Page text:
Power over Ethernet (PoE) has become the colloquial term used to describe any technology that allows an Ethernet device to transmit and receive data, as well as receive power over the same cabling. The benefits of using the same cable for both data and power are numerous. It allows power to be delivered to small devices without having an electrician wire new circuits or a transformer to convert ac to dc—also referred to as a wall wart. It can also reduce the weight and cost of deployments, and when using standardized technology, it ensures a high level of safety.
However, when it comes to how PoE works from a user’s standpoint, the general term “PoE” could actually represent any number of different, incompatible technologies, which has led to considerable market confusion. To help overcome this turmoil, the Ethernet Alliance, an industry forum that aims to advance and promote IEEE Ethernet standards, is launching a certification program that will enable manufacturers to complete certification requirements to earn a branded logo. The goal is to provide a simple and easy way for users to identify what PoE products will work with each other and promote interoperability in the marketplace.
Many different implementations of PoE have been used over the past 20 years. Generally speaking, the different forms of PoE can be placed into two categories: standardized and proprietary. To help put this into context, here’s a brief history of the technology itself and how it evolved.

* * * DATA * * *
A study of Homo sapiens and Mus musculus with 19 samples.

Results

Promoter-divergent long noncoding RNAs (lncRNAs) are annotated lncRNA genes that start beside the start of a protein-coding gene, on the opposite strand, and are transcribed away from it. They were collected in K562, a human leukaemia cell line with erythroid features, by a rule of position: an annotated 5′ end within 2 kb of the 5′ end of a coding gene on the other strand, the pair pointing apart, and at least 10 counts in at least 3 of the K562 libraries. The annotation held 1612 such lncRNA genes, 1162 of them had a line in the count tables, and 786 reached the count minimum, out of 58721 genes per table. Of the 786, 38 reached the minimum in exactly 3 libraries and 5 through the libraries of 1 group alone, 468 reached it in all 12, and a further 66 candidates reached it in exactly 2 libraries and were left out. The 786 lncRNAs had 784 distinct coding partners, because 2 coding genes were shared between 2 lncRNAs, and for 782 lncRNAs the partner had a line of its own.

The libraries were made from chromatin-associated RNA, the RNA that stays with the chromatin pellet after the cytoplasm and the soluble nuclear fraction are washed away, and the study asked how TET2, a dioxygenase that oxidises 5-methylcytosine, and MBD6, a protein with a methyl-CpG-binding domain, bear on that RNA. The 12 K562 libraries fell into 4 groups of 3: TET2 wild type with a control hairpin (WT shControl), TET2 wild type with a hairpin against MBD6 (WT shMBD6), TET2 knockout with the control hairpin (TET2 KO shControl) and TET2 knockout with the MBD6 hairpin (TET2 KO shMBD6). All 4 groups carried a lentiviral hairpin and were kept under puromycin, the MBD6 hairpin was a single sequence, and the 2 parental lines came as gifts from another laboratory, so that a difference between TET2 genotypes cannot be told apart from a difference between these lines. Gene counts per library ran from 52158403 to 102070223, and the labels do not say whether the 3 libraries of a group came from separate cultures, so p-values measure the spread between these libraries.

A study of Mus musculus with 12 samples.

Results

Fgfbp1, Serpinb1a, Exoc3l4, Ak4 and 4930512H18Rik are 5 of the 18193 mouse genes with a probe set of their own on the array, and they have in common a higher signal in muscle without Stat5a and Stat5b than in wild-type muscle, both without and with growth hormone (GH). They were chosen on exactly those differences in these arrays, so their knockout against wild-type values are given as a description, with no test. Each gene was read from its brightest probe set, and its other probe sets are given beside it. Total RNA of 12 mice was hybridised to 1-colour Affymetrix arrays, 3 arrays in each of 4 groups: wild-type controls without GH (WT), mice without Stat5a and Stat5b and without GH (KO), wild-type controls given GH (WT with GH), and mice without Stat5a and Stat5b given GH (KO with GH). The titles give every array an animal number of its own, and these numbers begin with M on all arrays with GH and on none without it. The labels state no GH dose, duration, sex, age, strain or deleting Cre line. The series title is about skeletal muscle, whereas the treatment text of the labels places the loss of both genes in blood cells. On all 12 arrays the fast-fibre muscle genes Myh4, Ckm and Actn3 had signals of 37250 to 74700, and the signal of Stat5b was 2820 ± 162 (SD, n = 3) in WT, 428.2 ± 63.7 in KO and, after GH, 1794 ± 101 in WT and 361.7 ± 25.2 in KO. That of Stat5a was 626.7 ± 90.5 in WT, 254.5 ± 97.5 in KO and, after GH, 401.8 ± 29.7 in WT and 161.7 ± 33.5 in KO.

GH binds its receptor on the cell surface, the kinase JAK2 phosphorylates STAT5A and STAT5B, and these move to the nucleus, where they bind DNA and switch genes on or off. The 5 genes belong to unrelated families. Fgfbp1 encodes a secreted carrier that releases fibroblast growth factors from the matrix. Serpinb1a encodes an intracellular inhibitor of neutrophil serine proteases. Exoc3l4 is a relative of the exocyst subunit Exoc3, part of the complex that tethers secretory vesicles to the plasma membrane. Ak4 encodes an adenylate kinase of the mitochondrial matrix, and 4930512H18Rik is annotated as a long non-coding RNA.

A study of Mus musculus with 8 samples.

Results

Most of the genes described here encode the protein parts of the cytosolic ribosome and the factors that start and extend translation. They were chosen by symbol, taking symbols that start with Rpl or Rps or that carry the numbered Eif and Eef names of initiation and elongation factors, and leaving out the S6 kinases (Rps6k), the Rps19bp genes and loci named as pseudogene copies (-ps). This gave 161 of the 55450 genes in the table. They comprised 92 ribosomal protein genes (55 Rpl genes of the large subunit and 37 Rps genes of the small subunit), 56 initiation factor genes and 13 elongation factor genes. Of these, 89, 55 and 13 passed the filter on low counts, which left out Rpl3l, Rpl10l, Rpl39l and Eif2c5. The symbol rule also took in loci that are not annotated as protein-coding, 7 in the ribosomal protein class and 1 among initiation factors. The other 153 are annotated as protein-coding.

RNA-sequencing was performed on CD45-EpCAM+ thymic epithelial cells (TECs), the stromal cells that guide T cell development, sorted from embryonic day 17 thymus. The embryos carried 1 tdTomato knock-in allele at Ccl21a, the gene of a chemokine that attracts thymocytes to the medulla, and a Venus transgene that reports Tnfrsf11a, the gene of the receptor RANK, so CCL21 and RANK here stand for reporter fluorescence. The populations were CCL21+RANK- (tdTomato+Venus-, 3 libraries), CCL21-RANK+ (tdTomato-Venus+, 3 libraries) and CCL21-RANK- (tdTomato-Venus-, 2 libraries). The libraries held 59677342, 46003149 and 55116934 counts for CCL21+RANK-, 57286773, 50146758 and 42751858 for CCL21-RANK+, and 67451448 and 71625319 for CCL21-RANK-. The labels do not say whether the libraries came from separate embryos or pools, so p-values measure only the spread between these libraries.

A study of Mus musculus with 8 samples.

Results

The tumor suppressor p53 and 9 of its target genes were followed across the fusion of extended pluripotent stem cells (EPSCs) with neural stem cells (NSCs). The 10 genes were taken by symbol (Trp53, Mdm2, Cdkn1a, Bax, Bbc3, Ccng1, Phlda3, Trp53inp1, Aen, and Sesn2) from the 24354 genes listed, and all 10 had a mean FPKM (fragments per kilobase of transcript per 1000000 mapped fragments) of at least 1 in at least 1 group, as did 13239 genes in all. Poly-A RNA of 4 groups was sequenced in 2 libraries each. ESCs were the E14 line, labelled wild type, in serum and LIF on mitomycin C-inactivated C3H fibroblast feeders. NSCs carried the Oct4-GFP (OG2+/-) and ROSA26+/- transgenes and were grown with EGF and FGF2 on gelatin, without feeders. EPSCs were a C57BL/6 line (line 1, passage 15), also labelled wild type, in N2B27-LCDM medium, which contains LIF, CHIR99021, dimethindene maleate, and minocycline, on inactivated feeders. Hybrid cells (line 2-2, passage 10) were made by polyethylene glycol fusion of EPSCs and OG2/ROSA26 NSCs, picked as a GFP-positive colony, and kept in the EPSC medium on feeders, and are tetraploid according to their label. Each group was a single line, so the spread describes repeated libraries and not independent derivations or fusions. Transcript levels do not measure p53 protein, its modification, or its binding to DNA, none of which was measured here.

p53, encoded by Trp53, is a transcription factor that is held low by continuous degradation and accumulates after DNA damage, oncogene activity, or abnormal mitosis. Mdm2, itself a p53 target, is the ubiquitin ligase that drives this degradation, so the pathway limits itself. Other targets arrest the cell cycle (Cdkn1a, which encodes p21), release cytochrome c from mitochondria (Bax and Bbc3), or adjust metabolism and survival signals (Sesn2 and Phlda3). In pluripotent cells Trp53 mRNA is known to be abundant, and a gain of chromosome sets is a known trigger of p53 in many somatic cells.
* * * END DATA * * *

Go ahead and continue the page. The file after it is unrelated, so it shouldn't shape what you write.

The advent of PoE was most commonly referred to as “power injection.” These “power injectors” operated simply by providing power, either ac or dc current, on Ethernet cabling without any true intelligent protocol or safety considerations.
There are many variants of power injectors, but probably the most common involved using the “spare” pairs not utilized by 100Base-TX Ethernet to inject the power. This method can damage or destroy devices that weren’t designed to accept power, and as such, couldn’t be considered a sustainable method of delivering power over data-communications cabling. The next natural step for the IEEE 802.3 Working Group, which defines and revises the standard commonly referred to as “Ethernet,” was to begin work on an inherently safe way to deploy PoE.
The IEEE 802.3 Working Group began its first PoE project in 1999: IEEE 802.3af, under the cumbersome title “Clause 33. Data Terminal Equipment (DTE) Power via Media Dependent Interface (MDI),” was eventually ratified in 2003. It defined Power Sourcing Equipment (PSE) that delivered power, and Powered Devices (PDs) that received power.
The 802.3af standard allowed for delivery of up to 13 W of power to a PD utilizing just two of the available four twisted pairs in Ethernet cabling. It also provided additional freedom in which you could physically place a PD, as designed, to support the entire 100-meter reach of the most common Ethernet speeds. While this may not seem like a lot of power, it was adequate for many applications, including Voice over Internet Protocol (VoIP) telephones, stationary IP cameras, door access control units, low-power wireless access points, and many others.
PoE Powers Up to 25.5 W
Despite the popularity of the standard, many devices require more than 13 W for their intended application. The natural evolution was to allow more power in order to unleash these additional PoE applications. The IEEE 802.3 Working Group ratified its second PoE standard, IEEE 802.3at, in 2009. While still only delivering power over two pairs, it altered the original standard by adding an additional power class that delivered up to 25.5 W to a PD. This allowed for pan and tilt cameras and other devices with similar power requirements to take advantage of a standardized technology.